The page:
Matt O'Brien had a good piece in Wonkblog pointing out that the current downturn in the euro zone has been worse for these countries than the Great Depression. However it does get part of the story wrong.
At one point it outlines the troubles of the region:
"The combination of zombie banks, a rapidly aging population and, most importantly, too-tight money have pushed it into a "lowflationary" trap that makes it hard to grow, and is even harder to escape from. That's what happened to Japan in the 1990s, and now, 20 years later, its nominal GDP is actually smaller than it was then."
The aging of the population, and therefore a slow-growing or declining labor force, does not belong on the list of problems here. What matters for well-being is per capita growth. (That is not the only thing that matters, but insofar as GDP matters it is GDP per capita.) If the population is growing very slowly or even shrinking slowly, it will likely be associated with lower overall growth, but not necessarily with lower per capita GDP growth.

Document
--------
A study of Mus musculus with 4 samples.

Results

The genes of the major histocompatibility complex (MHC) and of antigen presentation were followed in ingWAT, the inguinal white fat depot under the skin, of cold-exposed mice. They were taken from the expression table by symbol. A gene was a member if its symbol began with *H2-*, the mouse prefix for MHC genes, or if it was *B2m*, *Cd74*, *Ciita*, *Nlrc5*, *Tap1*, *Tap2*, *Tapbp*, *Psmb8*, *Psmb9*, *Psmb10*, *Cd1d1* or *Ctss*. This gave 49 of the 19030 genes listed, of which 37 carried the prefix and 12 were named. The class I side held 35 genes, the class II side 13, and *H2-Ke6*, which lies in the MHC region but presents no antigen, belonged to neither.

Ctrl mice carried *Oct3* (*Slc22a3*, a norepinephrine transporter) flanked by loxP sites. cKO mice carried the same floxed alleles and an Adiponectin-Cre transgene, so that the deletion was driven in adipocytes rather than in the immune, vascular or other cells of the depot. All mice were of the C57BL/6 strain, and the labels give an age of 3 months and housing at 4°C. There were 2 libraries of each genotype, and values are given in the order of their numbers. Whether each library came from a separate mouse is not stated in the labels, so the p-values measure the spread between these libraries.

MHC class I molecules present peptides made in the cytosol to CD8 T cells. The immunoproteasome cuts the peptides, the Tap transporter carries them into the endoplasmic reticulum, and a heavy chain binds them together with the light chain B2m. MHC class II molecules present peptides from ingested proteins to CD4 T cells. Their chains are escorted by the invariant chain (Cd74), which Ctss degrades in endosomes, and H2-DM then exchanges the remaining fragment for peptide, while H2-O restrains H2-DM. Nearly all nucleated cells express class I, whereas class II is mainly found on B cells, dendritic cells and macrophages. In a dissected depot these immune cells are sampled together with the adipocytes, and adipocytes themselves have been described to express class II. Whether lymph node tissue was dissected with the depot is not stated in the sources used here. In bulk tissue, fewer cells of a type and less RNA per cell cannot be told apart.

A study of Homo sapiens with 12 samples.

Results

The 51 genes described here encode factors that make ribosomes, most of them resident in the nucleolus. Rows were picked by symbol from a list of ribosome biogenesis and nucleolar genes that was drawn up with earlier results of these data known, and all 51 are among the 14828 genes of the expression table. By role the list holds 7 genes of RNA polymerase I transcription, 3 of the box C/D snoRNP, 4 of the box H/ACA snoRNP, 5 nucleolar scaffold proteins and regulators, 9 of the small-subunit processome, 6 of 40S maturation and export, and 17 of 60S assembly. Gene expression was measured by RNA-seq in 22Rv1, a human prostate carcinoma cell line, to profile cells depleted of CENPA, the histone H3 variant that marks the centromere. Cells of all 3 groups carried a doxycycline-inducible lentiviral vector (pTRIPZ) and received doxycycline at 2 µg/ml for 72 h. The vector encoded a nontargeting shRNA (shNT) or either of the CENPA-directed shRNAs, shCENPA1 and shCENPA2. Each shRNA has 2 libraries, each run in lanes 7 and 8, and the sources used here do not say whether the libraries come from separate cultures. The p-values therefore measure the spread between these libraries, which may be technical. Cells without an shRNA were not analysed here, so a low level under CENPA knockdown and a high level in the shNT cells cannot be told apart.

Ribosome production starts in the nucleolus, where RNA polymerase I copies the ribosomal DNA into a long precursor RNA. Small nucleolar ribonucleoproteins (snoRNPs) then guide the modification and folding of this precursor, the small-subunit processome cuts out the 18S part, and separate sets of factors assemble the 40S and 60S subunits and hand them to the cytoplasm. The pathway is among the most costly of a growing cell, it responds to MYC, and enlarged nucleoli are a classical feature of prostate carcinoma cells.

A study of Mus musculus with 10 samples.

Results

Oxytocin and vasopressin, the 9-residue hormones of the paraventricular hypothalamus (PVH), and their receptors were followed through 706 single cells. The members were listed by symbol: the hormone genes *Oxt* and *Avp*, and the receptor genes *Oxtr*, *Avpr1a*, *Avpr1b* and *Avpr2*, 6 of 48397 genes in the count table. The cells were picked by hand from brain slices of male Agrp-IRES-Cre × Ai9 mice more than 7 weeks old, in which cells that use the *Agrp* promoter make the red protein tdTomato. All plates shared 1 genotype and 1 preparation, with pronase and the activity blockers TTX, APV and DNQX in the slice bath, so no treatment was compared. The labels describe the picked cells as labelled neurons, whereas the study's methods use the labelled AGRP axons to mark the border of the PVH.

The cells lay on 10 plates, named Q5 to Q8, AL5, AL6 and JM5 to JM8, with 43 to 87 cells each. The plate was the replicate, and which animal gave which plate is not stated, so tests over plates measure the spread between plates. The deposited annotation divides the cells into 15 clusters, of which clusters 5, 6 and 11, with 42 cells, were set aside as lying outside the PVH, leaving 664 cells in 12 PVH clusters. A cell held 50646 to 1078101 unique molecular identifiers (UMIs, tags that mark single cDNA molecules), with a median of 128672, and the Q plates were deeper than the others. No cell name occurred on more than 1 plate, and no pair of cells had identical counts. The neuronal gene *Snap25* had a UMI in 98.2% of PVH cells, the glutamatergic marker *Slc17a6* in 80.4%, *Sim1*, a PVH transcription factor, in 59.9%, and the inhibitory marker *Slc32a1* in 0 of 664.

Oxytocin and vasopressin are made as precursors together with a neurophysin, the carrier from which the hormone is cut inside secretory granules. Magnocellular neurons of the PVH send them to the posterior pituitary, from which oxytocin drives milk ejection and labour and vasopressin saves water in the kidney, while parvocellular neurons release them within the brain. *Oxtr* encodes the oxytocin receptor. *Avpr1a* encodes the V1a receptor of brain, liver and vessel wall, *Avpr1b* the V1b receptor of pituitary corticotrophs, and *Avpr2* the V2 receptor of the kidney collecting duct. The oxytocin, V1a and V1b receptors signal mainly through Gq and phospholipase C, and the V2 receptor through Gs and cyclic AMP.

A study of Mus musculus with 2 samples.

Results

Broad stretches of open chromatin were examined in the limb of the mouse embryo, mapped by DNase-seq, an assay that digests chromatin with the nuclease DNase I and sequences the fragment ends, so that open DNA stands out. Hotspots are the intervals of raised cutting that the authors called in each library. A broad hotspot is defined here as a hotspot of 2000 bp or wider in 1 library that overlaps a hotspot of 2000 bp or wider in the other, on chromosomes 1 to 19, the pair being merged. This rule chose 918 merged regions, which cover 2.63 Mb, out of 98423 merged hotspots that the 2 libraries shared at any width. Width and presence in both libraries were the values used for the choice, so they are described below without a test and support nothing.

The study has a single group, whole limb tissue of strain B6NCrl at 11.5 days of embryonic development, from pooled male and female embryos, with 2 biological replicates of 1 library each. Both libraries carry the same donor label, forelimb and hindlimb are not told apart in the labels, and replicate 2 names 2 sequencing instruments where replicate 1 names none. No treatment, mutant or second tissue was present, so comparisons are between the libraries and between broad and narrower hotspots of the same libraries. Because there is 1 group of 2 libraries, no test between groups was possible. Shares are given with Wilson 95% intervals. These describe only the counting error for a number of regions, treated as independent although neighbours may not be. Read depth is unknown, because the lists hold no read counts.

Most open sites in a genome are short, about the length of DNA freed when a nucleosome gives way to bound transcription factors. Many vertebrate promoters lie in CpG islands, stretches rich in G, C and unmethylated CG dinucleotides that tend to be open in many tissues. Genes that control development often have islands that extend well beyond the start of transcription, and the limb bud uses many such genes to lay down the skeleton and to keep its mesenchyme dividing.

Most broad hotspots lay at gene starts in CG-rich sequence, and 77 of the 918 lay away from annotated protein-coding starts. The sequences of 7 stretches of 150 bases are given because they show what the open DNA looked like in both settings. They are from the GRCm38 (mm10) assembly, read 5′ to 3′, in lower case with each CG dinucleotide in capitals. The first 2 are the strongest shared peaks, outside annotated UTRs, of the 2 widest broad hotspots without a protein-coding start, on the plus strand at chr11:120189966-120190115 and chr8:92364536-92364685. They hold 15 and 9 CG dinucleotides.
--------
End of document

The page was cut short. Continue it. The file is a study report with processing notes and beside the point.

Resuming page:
Germany has managed to get its unemployment rate down to 5.1 percent, compared to 7.8 percent before the downturn, in spite of having considerably lower growth than the United States over this period. Its employment rate for prime age workers (ages 25-54) has risen by 3.0 percentage points, compared to a drop of 3.5 percentage points in the United States.
As a result of its slow population growth, few in Germany would see its slow economic growth as being a problem. In fact, most view the economy as being relatively prosperous right now. This is one of the reasons that the country is reluctant to support measures that would help its neighbors, since Germany is not really sharing in their pain at the moment. Similiarly, Japan's slow population growth meant that most people in the country were not suffering in the way that its weak GDP growth may have suggested.